5.0 out of 5 stars An extremely valuable contribution to the understanding of religion in the U.S.
When many writers describe religion in America, they compare and contrast Catholics with Protestants; or Evangelicals with Mainline denominations and liberal faith groups; or religious adults with Atheists. This book goes much deeper and assesses people's belief in the nature of God. It turns out that a person's concept of God can predict many of her or his beliefs and...
Published on October 18, 2010 by Bruce Robinson

America is becoming a Christian nation in name only. Froese uses actual statistics to help the reader get a handle on the Christian beliefs that address God.
Published 6 months ago by L. Osborne


5.0 out of 5 stars An extremely valuable contribution to the understanding of religion in the U.S., October 18, 2010
By 
Bruce Robinson (Kingston, Ontario Canada) - See all my reviews

People's belief in God is assessed according to two criteria: To what extent is God believed to interact with the world, and to what extent is God believed to judge the world. These two criteria produce five very different descriptions of God: An authoritative God who is both engaged and judgmental; a benevolent God who is engaged but nonjudegmental; a critical God who is judgmental and disengaged; a distant God who is nonjudgmental and disengaged; and the Un-God -- the belief held by Atheists that no God exists, or that they have no concept of God. Many people select one of the five concepts of God as a result of their childhood experience with religion, as modified by later life experiences.

The authors of "America's Four Gods" demonstrate "... how images of God influence our beliefs and behaviors regardless of our upbringing, our religion, our political identity and an array of other factors."

A very valuable contribution to the understanding of religion in America.
4.0 out of 5 stars Very interesting read, December 28, 2010
beliefs for any of the four god categories, but learned a lot more in general. The
authors spent a great deal of time on referencing and researching, which truly shows
their devotion to giving the reader adequate coverage of the material. I would
recommend this book to both religious and non-religious individuals who just want
a basic evaluation of American religious beliefs. Very well written, easy reading
and not top heavy with intellectual interpretation.
5.0 out of 5 stars The type of God you believe in correlates well with your attitude, May 4, 2011
By 
Angela M. Hey (Portola Valley, CA USA) - See all my reviews

The case studies, which range from mid-western outposts to trendy Aspen, will be credible to those with a religious upbringing, others will gain insights into worldviews different from their own. I highly recommend this book to anyone wanting to understand Americans' beliefs.

The thesis of the book is that how you think of God is a much better predictor of how you will behave than some more widely accepted categorizations of people.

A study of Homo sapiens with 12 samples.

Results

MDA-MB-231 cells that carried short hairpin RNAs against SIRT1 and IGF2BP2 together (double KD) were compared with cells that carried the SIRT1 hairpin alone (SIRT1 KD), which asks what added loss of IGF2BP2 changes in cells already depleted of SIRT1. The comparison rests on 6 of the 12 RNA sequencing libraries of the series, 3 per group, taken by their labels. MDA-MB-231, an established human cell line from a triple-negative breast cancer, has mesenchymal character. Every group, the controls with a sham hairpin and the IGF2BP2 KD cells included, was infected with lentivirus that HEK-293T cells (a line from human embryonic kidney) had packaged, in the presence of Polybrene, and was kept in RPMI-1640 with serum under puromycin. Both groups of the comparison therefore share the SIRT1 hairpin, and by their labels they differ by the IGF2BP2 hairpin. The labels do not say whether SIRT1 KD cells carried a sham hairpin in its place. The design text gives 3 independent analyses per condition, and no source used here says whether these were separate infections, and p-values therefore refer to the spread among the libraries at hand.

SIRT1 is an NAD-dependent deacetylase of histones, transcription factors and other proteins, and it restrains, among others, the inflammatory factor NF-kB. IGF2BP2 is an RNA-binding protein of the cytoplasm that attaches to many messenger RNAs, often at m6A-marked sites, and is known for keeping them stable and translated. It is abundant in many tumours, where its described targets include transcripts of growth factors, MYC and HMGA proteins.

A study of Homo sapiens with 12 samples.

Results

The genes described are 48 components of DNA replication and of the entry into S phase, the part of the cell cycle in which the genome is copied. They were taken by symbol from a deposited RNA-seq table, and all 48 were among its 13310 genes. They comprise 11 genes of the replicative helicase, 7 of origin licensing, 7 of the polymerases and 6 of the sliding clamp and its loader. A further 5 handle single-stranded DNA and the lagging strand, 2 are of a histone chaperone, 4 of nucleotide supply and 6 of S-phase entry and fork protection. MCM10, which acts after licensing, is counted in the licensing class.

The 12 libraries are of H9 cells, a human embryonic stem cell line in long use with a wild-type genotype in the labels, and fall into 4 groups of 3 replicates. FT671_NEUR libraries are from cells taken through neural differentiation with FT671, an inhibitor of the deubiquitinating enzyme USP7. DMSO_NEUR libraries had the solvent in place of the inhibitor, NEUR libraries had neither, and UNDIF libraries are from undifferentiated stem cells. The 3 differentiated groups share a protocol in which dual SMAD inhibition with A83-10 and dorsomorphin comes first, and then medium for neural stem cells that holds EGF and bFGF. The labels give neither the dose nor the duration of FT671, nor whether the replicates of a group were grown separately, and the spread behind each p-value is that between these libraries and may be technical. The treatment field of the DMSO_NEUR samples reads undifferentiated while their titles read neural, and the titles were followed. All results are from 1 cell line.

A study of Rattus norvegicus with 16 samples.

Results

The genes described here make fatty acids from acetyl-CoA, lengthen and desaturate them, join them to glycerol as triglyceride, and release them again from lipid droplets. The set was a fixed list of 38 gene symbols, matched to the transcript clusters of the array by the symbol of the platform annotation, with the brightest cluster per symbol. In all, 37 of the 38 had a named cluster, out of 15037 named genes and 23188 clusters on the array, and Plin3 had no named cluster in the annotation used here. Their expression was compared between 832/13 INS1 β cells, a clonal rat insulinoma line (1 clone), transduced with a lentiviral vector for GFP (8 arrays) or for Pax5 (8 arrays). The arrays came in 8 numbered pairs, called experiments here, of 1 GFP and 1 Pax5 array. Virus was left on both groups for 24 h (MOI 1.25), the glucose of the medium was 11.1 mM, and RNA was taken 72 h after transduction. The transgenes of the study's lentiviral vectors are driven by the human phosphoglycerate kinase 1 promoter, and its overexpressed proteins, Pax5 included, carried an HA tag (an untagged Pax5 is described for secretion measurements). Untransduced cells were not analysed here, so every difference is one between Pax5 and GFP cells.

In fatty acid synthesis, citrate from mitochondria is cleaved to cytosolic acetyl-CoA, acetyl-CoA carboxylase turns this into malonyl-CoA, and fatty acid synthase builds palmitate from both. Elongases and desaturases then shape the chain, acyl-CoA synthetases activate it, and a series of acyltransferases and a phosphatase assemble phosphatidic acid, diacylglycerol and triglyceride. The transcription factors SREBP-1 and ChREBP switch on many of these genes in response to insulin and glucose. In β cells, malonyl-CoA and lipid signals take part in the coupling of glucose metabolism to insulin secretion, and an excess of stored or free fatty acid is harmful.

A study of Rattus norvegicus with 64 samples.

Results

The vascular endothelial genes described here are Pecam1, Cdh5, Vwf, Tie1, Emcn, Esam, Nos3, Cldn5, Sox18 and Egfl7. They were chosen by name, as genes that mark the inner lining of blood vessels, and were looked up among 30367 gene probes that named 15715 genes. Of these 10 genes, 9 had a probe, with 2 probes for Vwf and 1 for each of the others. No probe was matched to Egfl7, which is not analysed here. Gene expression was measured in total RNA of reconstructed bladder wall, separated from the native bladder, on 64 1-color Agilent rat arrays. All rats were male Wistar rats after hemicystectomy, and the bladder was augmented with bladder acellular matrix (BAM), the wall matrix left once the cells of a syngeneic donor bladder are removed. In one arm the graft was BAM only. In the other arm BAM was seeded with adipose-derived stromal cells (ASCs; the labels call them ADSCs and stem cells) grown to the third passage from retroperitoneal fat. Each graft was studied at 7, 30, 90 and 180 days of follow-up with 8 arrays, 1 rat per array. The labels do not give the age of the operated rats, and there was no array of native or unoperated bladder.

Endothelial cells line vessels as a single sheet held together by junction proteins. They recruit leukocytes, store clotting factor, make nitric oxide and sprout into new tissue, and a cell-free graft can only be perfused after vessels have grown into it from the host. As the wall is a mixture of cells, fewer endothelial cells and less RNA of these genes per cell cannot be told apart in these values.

No longer should discussion of religious beliefs be taboo in certain circles, because this is what determines how many act, think and behave.
5.0 out of 5 stars The God Perception, March 28, 2011
America's Four Gods is a fascinating and unique look at how Americans perceive God. When the right questions are asked, we find that people claiming the same religion, and even worshipping within the same church, believe in different versions of the same God. These beliefs color much of each person's views on life, from personal morals to politics.

While this book is well researched, documented and detailed, it is also easy to read and entertaining. A great read for anyone interested in religion and/or human behavior.
4.0 out of 5 stars Interesting, April 15, 2014
This book wasn't earth shattering, but it was interesting. It basically categorizes American theologies into four main groups, and whatever group one can be categorized in usually has predictable ways in which the treat the Bible, money, politics, science, etc. This is quite predictable and what we all expected, but it is proven with data. Sometimes, stereotypes are real.

Although, the book doesn't really account for the more complicated religious people in this country like moderate mainline protestants or Conservative Judaism, or moderate Islam, which are very difficult versions of religion to categorize .in the way that Froese categorizes. Liberals of the religions call think these groups are conservative; conservatives of these religions think these groups are liberal.
5.0 out of 5 stars A powerful, comprehensive survey of American religious beliefs, January 21, 2011
America's Four Gods: What We Say About God - & What That Says About Us provides a powerful, comprehensive survey of American religious beliefs to explore how Americans view God. Many social and political conflicts actually arise from religious convictions rarely discussed: original survey data from thousands of Americans blend with interviews to consider the influence of differing beliefs in God on the American social and political system.